The Glorious Grasslands project ran from March 2017 to April 2022 and focused on protecting and restoring an important but often neglected aspect of the South West Peak; species diverse hay meadows. While these fascinating natural features might be overlooked as part of the background they are in fact an irreplaceable part of the complex natural systems that allow many different species of plants and animals to thrive. Grasslands also allow farm businesses to thrive by providing food for livestock and improving drought resistance.
This project focused on 3 key areas in the South West Peak, which is a hot spot for the remaining concentrations of grasslands in the country. These areas are already species-rich and as such they are excellent candidates for strengthening and expanding grasslands that are at risk nationally.
As well as surveying and helping farmers to maintain and restore traditional hay meadows, the project is also identifying grasslands of importance for rare fungi communities, known as ‘waxcap grasslands’. With additional funding from the Esmee Fairbairn Foundation, we are building a picture of the importance of these, often brightly coloured, fungi within the grassland community. We have found several traditionally managed farms supporting internationally and nationally important fungi communities.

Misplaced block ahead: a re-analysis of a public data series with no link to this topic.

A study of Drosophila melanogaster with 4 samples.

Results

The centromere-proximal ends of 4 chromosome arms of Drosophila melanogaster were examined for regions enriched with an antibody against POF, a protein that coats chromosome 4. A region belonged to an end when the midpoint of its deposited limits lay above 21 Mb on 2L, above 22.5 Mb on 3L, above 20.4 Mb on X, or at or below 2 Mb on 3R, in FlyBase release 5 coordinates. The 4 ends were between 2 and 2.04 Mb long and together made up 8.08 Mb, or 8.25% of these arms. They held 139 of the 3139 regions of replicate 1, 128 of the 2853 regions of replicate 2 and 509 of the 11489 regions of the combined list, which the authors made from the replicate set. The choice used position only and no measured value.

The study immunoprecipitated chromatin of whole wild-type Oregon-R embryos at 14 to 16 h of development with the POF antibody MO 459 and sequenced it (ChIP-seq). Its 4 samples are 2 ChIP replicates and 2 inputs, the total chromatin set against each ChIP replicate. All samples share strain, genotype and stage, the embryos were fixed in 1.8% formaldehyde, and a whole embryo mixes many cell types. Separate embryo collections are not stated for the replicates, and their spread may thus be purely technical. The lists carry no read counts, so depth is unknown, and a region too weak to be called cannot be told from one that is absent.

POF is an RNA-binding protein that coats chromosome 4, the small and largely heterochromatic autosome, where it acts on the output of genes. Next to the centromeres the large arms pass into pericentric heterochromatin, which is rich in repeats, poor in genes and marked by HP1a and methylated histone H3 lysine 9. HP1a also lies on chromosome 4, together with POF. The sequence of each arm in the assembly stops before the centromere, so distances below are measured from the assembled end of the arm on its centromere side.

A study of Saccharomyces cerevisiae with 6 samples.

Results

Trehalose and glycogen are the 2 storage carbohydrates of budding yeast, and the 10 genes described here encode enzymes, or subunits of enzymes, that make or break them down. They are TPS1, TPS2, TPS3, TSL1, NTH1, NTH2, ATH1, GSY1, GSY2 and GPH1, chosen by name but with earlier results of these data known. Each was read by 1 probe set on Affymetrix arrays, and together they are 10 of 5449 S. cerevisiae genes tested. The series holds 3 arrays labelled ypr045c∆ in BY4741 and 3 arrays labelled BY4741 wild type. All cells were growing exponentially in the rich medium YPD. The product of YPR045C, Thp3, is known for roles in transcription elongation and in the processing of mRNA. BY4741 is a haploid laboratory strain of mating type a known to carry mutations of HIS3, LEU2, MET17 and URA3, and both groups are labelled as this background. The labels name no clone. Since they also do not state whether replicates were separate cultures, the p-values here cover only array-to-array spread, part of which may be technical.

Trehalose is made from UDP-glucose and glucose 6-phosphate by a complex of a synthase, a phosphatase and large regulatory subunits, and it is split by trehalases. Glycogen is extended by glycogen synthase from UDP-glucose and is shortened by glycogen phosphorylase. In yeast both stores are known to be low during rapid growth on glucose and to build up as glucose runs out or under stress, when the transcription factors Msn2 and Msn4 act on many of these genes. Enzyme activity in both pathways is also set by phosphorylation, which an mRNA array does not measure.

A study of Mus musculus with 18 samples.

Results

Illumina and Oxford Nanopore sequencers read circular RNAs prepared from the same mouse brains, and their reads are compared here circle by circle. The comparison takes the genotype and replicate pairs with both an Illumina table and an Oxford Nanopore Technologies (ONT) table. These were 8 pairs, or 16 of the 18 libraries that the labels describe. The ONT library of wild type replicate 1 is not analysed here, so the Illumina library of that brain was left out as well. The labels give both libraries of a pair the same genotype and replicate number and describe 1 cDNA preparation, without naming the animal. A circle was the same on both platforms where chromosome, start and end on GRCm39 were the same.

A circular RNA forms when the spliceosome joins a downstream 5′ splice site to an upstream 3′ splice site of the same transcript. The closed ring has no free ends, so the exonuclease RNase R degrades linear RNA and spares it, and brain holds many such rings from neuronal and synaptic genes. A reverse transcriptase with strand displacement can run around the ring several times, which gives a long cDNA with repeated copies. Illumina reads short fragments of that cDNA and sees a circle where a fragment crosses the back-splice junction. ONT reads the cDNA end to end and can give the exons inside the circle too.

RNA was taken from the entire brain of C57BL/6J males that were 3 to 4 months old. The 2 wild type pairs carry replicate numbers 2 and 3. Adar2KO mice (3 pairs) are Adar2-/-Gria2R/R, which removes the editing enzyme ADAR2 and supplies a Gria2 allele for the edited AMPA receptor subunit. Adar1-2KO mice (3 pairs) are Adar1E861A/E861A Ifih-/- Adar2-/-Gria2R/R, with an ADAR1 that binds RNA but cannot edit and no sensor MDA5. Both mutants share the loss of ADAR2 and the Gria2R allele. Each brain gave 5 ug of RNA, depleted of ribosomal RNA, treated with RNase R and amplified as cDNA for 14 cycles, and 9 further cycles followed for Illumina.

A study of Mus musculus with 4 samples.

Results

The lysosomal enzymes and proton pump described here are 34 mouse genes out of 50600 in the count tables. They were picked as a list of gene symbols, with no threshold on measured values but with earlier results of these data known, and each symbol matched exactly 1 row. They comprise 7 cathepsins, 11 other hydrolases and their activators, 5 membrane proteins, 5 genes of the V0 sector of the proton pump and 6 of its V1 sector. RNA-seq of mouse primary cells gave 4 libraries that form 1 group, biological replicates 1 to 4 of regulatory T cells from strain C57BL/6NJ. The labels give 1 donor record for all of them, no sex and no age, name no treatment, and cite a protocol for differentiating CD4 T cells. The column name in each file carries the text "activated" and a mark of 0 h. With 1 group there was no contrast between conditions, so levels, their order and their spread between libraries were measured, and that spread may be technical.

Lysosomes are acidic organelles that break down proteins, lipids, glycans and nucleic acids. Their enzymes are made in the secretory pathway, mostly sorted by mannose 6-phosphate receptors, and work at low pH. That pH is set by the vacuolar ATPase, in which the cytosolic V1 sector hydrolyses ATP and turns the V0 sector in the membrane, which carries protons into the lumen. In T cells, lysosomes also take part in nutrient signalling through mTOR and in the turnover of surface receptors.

Glorious Grasslands Final Report
Glorious Grasslands Project Photos
An album of photographs showing many of the activities and some of the grassland species in the project area.
Glorious Grasslands Case Study 1: High Ash Farm
High Ash Farm is at Barrowmoor, near Longnor. The project has influenced grassland management and helped to diversify the rush pasture. The site also benefited from the Slowing the Flow project with re-meandering sections of the brook, creating a wide buffer zone of grassland and a series of scrapes in the rush pasture for waders.
Glorious Grasslands Case Study 2: Cowlow Pastures
Cowlow Pastures is near Hulme End, along the Manifold Way. This grassland site is 1.98 hectares, part of the Warslow Moors Estate. Wildflower seed was introduced onto five plots that were strimmed, scarified and seeded in the field.
Glorious Grasslands Fungi Report
This reports on findings that 500 hectares of grassland with fungi interest in the South West Peak area, including: 24 sites of international importance,
12 of national importance, 13 of regional importance for waxcaps and 28 sites of national importance for other fungi.
Learn about the Glorious Grasslands of the South West Peak
The Cheshire hills are home to communities of fungal species which are grassland specialists. These communities can be valuable indicators of ancient grassland. Also, like their grassland habitat, they are threatened by improvement, disturbance, or cessation of management.